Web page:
Last Updated: September 29, 2009.

Coronary computed tomographic angiography was superior to single photon emission computed tomography at detecting coronary artery disease among patients with type 2 diabetes mellitus, according to a study in the Oct. 1 issue of the American Journal of Cardiology.

TUESDAY, Sept. 29 (HealthDay News) -- Coronary computed tomographic angiography (CCTA) was superior to single photon emission computed tomography (SPECT) at detecting coronary artery disease among patients with type 2 diabetes mellitus, according to a study in the Oct. 1 issue of the American Journal of Cardiology.

Eue-Keun Choi, M.D., of the Seoul National University College of Medicine in South Korea, and colleagues performed SPECT and CCTA on 116 diabetic patients ages 45 to 85 years with two or more coronary artery disease risk factors but no chest pains, or prior evidence of coronary artery disease or peripheral artery disease.

The researchers found that 88 subjects (76 percent) had normal SPECT images, while perfusion defects were found in 28 subjects (24 percent). With CCTA imaging, 92 subjects (79 percent) had evidence of atherosclerotic plaques and 20 (17 percent) had evidence of significant stenosis. The authors further note that patients with normal SPECT images had coronary artery disease prevalence on CCTA similar to that of those with abnormal SPECT images.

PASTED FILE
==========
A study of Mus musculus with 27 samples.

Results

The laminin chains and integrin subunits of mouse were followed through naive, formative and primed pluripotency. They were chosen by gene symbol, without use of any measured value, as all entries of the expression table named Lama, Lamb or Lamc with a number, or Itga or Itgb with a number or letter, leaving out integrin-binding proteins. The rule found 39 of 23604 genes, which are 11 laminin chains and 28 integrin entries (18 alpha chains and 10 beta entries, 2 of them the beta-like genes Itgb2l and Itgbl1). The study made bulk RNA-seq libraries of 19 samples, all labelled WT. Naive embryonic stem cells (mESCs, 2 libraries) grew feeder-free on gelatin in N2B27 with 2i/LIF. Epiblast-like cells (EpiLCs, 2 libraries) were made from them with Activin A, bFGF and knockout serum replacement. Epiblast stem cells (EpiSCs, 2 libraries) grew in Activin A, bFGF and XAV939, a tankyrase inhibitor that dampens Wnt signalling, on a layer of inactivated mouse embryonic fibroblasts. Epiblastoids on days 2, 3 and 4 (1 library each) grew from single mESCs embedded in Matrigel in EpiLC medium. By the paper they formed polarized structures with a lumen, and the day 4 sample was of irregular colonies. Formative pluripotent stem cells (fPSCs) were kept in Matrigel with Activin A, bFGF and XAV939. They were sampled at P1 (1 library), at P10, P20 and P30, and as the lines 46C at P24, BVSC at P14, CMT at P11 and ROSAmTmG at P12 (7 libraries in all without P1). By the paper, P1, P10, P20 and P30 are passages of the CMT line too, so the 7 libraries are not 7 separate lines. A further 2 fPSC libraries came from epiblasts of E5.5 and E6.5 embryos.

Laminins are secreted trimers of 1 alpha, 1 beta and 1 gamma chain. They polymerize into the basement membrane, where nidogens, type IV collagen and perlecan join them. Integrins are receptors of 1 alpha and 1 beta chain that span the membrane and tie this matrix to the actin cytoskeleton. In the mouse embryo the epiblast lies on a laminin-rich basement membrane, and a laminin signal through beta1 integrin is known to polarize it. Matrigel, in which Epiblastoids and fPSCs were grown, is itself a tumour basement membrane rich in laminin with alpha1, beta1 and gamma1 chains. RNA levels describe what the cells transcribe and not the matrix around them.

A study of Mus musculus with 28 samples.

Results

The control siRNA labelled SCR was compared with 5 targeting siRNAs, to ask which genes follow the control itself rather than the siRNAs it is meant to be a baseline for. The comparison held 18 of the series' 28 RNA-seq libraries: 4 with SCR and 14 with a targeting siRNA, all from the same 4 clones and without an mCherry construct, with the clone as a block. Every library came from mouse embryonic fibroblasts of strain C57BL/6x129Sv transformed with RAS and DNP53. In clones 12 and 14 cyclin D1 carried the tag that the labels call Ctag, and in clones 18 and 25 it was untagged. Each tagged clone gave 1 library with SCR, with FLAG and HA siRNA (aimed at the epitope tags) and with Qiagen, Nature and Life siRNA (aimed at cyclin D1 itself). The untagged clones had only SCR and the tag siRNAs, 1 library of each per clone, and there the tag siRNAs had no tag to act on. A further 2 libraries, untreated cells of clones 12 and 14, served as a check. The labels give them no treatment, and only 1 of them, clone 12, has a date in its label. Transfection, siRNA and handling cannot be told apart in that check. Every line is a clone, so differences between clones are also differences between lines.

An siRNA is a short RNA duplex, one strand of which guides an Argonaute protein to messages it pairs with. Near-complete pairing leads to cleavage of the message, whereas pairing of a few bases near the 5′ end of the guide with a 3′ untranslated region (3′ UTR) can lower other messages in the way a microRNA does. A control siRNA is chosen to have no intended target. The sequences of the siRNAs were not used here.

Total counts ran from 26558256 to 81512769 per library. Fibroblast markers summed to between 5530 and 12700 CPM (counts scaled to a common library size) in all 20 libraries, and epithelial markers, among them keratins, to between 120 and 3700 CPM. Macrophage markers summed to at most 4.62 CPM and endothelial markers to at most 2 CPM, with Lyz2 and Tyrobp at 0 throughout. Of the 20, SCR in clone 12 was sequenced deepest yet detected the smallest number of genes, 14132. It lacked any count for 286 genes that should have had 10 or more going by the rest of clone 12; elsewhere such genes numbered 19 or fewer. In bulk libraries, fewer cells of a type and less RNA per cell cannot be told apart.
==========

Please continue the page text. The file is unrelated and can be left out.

"In conclusion, a significant percentage of patients with diabetes mellitus and normal electrocardiographic findings, no peripheral arterial disease, and normal findings on SPECT have evidence of occult coronary artery disease on CCTA. Furthermore, a small percentage had had a cardiac event by mid-term follow-up. SPECT showed limited capability to differentiate the coronary risks between patients with diabetes mellitus and no coronary plaque from those with a certain degree of disease; two circumstances that represent different coronary risks," Choi and colleagues conclude.